At its November 17, 2016 meeting, the East Hampton Town Board (Town Board) unanimously adopted a local law that temporarily suspends the authority of the East Hampton Town Planning Board to grant certain site plan and subdivision approvals for properties located on or adjacent to Montauk Highway in Wainscott. The moratorium applies to non-residential Central Business or Commercial Industrial zoning districts or properties in residential zoning districts used for non-residential uses. The moratorium lasts for one year.
Purpose of Moratorium
The purpose of the moratorium is to allow the Town to complete its Wainscott Hamlet Study and to implement recommendations from that study. The Wainscott Hamlet Study will evaluate future commercial needs of the community in accordance with the goals set forth in the Town’s 2005 Comprehensive Plan.
According to the local law, Wainscott, as the entry point into the Town, experiences extremely high traffic volumes. In particular, traffic jams along Montauk Highway are causing impacts to residential neighborhoods, as motorists seek alternate routes through the area. The Town claims that development of commercial property along Montauk Highway in Wainscott will exacerbate the traffic logjams and increase risks to pedestrians.
The Town anticipates that the study will recommend the creation of a walkable hamlet center, rather than the current sprawl of commercial sites along Montauk Highway. The Town is concerned that without the moratorium, any traffic mitigation and pedestrian safety recommendations arising from the study will not be implementable if development continues unabated in the interim.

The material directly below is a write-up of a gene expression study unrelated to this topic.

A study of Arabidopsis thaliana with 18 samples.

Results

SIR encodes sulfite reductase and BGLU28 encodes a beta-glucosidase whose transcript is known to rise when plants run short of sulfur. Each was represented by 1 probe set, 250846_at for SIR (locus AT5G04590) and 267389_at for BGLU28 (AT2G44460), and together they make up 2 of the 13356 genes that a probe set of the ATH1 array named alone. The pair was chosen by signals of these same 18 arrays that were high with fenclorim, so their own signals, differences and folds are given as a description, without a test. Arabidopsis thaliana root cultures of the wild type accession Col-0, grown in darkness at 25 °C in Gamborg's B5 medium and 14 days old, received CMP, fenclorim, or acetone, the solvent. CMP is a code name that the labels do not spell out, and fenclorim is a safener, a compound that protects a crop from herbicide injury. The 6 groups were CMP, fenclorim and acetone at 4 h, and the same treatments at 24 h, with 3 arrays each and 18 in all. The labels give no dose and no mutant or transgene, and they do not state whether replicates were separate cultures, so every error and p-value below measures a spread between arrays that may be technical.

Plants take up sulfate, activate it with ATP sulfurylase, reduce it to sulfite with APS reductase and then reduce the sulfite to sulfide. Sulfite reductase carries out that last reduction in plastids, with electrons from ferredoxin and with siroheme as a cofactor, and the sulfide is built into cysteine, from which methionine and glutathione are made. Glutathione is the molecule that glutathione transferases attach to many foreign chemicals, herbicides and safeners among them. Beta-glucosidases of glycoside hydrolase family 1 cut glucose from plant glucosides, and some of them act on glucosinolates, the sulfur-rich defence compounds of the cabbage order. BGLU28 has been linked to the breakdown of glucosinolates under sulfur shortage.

The local law contains exemptions. If a site plan or subdivision application has undergone a public hearing and has been approved prior to the effective date of the moratorium, the project can proceed. In addition, the local law contains an undue hardship exemption. In order to qualify for the undue hardship exemption, the applicant has to demonstrate to the Town Board that (1) the failure to grant the exemption will cause the applicant undue hardship that is substantially greater than the harm to the general public by granting the exemption, (2) the proposal will not have adverse effects on the Town’s goals, and (3) the proposal is in harmony with the existing character of the Town.
It will be interesting to see what recommendations emanate from the study and which ones the Town ultimately implements.